Sure, the Redskins were playing without much of their starting offensive line in Morgan Moses, Brandon Scherff, and Chase Roullier, but the backups that were on the field were no match for several of the Browns front line players on the left side.
The problem was thoroughly expounded by the absence of seven-time Pro Bowl left tackle, Trent Williams.
The left tackle position has been a staple for the Redskins over the years. Before Williams was selected in the first round of the 2010 NFL draft, players such as Chris Samuels, Jim Lachey, and Joe Jacoby manned the left side with Pro Bowl success.
Williams, 31, is now embroiled in a holdout that seemingly is turning bitter with an end date that doesn’t seem to be on the horizon anytime soon.
Washington’s front office has to get in front of the situation by either appeasing Williams and whatever his demands are or by doing what was once unthinkable and trading the most accomplished player on the roster.
Recent reports that have surfaced and also ones that go back to the root of the problem insist that Williams is unhappy with the team’s medical staff and is prepared to continue his holdout.
The time for a resolution is becoming close to the point of no return. Williams talent dictates that he could miss the preseason and still suit up for Week 1 against the Philadelphia Eagles and be an instant upgrade over what the Redskins have on the current roster at left tackle.
The team recently signed former 3x Pro Bowler, Donald Penn to help lesson the absence of Williams, but Penn is 36 and coming off of two down seasons – paying right tackle – that was filled with injuries.
Ironically, Penn mentioned that he and Williams are good friends who spoke about the 14-year veteran signing with the Redskins. The former Utah State player also mentioned that he signed with the Redskins intending to start.
“… I wanted to go somewhere where I had a chance to start. I play left tackle and I know Jay Gruden’s (Head Coach) offense pretty well because I worked with his brother a lot and I worked with Jay in my first two years in the league, in Tampa. So, I have a lot of familiar faces here – [President] Bruce Allen, [Senior Vice President of Player Personnel] Doug Williams. They said they needed some help and we worked everything out, so I was willing to come in and help.”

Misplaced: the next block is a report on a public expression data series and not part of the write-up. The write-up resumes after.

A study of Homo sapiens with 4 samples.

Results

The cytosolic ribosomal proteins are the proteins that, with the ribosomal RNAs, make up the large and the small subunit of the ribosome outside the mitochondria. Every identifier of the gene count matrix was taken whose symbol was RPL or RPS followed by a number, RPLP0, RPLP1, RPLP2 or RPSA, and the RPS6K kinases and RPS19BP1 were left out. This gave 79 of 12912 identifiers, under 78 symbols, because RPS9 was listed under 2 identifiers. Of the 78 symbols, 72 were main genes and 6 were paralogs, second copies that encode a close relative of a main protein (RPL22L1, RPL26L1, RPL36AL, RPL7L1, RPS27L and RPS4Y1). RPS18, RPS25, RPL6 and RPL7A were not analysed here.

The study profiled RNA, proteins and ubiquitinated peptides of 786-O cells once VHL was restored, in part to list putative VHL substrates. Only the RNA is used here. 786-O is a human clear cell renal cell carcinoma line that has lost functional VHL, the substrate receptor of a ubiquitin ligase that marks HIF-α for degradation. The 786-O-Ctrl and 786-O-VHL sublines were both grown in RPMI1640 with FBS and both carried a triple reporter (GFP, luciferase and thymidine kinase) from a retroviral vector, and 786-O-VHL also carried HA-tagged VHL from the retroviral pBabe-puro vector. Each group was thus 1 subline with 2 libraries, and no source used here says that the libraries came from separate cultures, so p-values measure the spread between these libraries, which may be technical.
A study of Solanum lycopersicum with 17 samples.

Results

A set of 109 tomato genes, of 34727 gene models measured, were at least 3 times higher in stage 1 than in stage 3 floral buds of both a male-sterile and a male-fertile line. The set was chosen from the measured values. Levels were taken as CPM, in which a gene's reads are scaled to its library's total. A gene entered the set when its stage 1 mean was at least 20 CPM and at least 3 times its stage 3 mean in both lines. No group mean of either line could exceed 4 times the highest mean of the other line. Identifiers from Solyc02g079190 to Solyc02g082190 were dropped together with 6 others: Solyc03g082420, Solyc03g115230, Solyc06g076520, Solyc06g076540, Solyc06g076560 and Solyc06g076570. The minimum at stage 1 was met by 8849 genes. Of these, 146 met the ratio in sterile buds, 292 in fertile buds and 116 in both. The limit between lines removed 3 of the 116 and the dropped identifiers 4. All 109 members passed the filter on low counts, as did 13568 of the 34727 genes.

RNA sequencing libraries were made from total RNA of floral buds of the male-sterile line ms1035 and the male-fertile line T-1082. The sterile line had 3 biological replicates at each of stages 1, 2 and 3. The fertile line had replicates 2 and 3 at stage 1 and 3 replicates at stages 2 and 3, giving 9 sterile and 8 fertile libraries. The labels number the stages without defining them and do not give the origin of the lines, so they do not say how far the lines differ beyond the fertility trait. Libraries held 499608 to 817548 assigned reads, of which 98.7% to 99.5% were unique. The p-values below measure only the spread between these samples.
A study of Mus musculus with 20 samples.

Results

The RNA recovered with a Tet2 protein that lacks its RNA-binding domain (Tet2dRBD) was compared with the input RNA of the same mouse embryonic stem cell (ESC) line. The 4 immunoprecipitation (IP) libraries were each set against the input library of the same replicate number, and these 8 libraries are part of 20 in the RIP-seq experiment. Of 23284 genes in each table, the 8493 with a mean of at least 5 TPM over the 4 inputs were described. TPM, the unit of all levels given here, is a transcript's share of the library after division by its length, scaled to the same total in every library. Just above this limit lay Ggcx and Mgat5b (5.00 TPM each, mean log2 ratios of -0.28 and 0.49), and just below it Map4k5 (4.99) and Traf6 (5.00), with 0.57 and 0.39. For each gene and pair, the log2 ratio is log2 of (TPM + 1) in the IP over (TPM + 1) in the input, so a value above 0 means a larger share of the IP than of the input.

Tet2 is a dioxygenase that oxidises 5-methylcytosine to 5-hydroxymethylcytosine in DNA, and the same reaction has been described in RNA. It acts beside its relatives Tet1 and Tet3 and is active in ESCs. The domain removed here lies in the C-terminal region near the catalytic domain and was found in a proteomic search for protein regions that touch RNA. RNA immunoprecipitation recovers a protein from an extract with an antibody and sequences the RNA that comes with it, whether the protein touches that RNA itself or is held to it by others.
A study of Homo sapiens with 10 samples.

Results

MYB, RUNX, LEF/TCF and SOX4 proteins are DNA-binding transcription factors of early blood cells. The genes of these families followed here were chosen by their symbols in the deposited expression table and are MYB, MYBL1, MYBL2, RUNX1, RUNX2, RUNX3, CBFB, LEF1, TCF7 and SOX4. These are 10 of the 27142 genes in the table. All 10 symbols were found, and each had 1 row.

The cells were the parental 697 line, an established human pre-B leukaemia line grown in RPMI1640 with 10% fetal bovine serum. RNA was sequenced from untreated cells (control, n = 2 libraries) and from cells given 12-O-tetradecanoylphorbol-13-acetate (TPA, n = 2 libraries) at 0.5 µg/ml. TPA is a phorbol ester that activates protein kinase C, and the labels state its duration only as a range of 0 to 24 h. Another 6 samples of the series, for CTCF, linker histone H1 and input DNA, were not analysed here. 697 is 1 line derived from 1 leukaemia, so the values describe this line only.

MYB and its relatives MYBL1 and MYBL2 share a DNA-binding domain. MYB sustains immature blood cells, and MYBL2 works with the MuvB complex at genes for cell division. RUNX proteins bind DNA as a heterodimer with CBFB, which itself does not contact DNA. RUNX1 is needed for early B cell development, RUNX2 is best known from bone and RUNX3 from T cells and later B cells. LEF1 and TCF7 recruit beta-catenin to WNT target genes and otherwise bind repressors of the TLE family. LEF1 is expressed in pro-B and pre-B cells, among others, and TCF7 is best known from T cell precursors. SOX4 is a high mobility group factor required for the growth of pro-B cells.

That lingo in itself doesn’t bode well for Williams supporters who desperately want him to return to the trenches and man his spot.
The Redskins don’t seem in a rush to move on the situation but it is obvious that if the situation is about money, they don’t seem eager to extend Williams contract in any capacity at this point.
As dominant as Williams has been over the years, he has not played a full 16 game season in over five campaigns and that could be what the Redskins are using as motivation to not pay the former Oklahoma All-American if the issue is truly about finances. In fairness to Williams, however, he has played through injuries and come back earlier than expected from other ailments to be on the field with his teammates.
Again, the only legit resolution to the dilemma if both sides want a swift end to the episode is to either trade Williams or pay him/address issues within the medical staff and play ball. The time for grandstanding on either side is not going to help the matter and it’s clear that both parties are firmly standing with their heels dug into the ground.